To accompany monotonous gardening tasks I listen to CBC Radio 1. It shifts my focus from mind-numbing-teeth-grinding bean picking, to one of intelligent dialogue. I go from being the gardener to the re-incarnated Aristotle, working in his gardens studying the resiliency of ecosystems. Yes dear reader, just like that. Your mind is not playing tricks on you, that is Aristotle in Thornbury.
When the show titled “As It Happens” comes on with Carol Off, I imagine that one day she’ll interview me for
having successfully defeated bindweed in my gardens starting a revolution. And my oh my, what shall I say? A rehearsal is in order!
Free Spirit Gardens Presents….
An Exclusive Interview with Sustainability Expert, Dr. Kimberly Edwards (insert many letter combinations here such as GDe, MtS, etc.)
Dr. Edwards, at the start of your career, before you became world famous, you were teaching gardening, am I correct?
“Yes, I began with my hands in the earth and I will finish with my hands in the earth….as well as my feet, legs, hips, and head.” (audience laughs)
And then you realized that some people were losing money growing their own food?
“At Free Spirit Gardens we were losing about 4-5 new gardeners a year to the feeling that they’d spent more on their vegetable gardens than the vegetables are worth. It’s tragic, but I get it. At the start of the season there is a lot of enthusiasm, hope, and good faith that if we plant it, it will grow. First time gardeners have been seduced by social media into believing that vegetable gardening is so easy and that lettuce leaves never have holes in them. Pinterest really gets me sometimes, but then I remember that ‘pin’ that said “Growing your own Broccoli is easy!” and I’ve been leery of Pinterest since. Experienced gardeners hope that the problems of years gone by will return. However, there is that saying that “if you keep doing something the same way, how can you expect to get different results?” As the season progresses, sure as a pig in dirt, the bugs come back, we don’t have time to water, we don’t re-seed if something fails, the blight comes back, it’s too hot and the lettuce bolts, it’s not hot enough so the tomatoes never ripen…..there is a lot of work and details in growing your own food successfully.”
So the obvious next question – How do you grow food and make it worth the investment?
“The most important thing that I would emphasize is that you will get better results each year that you garden in the same place. I don’t really know how this happens because I’m not convinced I’m that much better each year….but somehow, I am getting better results each year. It’s like the philosophy of showing up – just show up in your garden….every day…for 15-30 minutes.”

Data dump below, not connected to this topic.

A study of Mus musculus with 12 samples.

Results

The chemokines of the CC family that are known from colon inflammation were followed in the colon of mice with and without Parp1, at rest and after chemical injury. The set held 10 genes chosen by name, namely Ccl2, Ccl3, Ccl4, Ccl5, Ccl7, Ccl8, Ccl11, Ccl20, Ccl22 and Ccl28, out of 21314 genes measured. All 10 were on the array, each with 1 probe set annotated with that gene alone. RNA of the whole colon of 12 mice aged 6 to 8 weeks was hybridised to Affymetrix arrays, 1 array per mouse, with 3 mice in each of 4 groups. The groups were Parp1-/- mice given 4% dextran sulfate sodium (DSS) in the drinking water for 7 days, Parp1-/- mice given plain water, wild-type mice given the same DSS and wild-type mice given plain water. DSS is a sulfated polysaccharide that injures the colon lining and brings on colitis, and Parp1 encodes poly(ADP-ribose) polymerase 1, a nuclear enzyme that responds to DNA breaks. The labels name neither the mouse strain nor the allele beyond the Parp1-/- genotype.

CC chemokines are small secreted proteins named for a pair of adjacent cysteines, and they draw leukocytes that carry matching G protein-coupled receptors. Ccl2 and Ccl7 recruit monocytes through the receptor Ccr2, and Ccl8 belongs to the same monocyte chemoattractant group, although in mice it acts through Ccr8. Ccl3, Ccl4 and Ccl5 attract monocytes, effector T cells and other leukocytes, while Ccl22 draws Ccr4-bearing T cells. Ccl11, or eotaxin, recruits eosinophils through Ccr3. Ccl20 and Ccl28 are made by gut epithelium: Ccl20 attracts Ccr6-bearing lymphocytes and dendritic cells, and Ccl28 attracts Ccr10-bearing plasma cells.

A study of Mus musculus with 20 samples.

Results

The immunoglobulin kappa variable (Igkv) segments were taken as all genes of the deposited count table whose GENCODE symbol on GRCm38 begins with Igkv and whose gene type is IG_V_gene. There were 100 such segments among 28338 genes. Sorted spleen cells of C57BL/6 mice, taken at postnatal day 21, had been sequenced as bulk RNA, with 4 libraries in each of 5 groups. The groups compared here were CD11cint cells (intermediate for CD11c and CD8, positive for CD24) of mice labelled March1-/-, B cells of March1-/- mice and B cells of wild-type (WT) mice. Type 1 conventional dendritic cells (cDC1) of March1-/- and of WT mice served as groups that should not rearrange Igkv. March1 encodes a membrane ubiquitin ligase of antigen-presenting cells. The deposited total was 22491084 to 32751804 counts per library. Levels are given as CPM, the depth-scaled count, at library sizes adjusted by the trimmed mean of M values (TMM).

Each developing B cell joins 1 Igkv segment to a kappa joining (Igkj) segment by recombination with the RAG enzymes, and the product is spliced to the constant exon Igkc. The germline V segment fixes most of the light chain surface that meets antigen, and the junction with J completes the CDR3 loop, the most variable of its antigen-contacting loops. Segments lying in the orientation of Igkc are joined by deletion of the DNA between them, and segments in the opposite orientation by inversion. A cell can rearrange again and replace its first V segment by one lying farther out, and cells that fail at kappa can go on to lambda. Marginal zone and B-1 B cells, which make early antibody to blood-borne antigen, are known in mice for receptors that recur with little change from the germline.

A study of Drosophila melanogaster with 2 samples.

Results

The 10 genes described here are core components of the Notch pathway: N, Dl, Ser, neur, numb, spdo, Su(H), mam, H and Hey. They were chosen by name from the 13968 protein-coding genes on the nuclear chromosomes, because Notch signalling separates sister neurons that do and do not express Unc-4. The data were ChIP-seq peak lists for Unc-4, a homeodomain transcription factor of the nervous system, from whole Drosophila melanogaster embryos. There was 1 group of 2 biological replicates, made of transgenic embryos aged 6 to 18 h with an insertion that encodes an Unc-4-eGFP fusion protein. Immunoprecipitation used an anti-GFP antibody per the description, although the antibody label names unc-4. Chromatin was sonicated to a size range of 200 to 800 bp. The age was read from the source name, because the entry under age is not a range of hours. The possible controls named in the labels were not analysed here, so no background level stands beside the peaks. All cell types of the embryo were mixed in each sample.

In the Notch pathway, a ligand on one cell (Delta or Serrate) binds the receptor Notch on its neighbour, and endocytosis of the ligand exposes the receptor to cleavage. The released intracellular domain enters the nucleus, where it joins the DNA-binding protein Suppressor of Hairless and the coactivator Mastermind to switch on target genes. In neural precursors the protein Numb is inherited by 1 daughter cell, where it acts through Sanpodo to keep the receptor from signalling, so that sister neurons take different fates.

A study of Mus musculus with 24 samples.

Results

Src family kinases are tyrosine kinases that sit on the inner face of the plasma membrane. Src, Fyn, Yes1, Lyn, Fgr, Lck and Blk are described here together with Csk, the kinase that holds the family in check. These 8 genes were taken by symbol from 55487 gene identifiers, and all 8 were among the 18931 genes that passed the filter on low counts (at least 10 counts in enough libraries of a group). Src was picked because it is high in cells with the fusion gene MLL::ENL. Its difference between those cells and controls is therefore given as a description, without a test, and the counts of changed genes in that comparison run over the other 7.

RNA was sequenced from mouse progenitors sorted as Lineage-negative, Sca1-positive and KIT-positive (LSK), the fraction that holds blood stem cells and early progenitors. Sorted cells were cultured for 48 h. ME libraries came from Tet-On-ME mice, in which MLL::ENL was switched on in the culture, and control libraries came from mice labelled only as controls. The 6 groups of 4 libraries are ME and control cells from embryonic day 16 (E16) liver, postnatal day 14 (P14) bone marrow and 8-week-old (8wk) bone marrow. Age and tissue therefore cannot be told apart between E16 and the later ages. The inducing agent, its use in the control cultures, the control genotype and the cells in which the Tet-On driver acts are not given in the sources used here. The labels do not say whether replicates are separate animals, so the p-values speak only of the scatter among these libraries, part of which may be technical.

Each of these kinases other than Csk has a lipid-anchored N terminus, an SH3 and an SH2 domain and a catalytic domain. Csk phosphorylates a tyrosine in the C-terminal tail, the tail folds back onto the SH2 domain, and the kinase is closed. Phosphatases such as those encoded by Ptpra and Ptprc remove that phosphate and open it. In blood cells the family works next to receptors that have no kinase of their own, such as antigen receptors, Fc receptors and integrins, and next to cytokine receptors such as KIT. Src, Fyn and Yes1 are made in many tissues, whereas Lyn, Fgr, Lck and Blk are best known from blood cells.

Is that the golden rule? Every day for 15-30 minutes?
“That will certainly keep you on top of tasks such as weeding, watering and harvesting depending on how ambitious you were when you decided on the size of your garden. It’s flexible and the garden is fairly forgiving, but don’t miss 2-3 days and count on hope and butterflies. A full-fledged flea beetle attack can manifest in 2-3 days.”
What are some other tried, tested, and true methods to get a positive ROI from your vegetable garden?
“Here are my top 5 suggestions:
1) Keep seeding things – when the slugs eat your beans, re-plant and add a line of copper wire defense. Love kale? Plant more kale every week. It doesn’t have to be in a fancy line – the other day I twirled and frolicked with handfuls of kale seeds flying from my palms at random. I might regret that. Try to mark where you’ve planted seeds and water water water.
2) You must eat everything. That is how you save money. When you grow green beans you do not eat them once/week like your neighbours. You eat them every day, with poached eggs, in casseroles, and when someone asks for a snack you can whip up steamed beans with butter faster than they can blink. The question “What would you like for dinner?” is obsolete in your household. It becomes, “How would you like your beans for dinner?”
3) Leaves. You collect leaves from everywhere and everyone in the fall to store for next year’s compost bin. Anytime you put kitchen scraps in the compost bin, you put a big armful of leaves in after. You will make gold and become very rich. At least that’s my plan.
4) What you do not eat, you must preserve. No tomato gets left behind….unless it’s still green in October. Then you make one batch of green tomato salsa and the rest go to the compost bin (unless you had blight…then they go to the yard waste or burn pile)
5) Clean Spoons ONLY. You must never ever ever use a previously licked or dirty spoon in a preserve. Clean spoons only. That one’s for you mom.”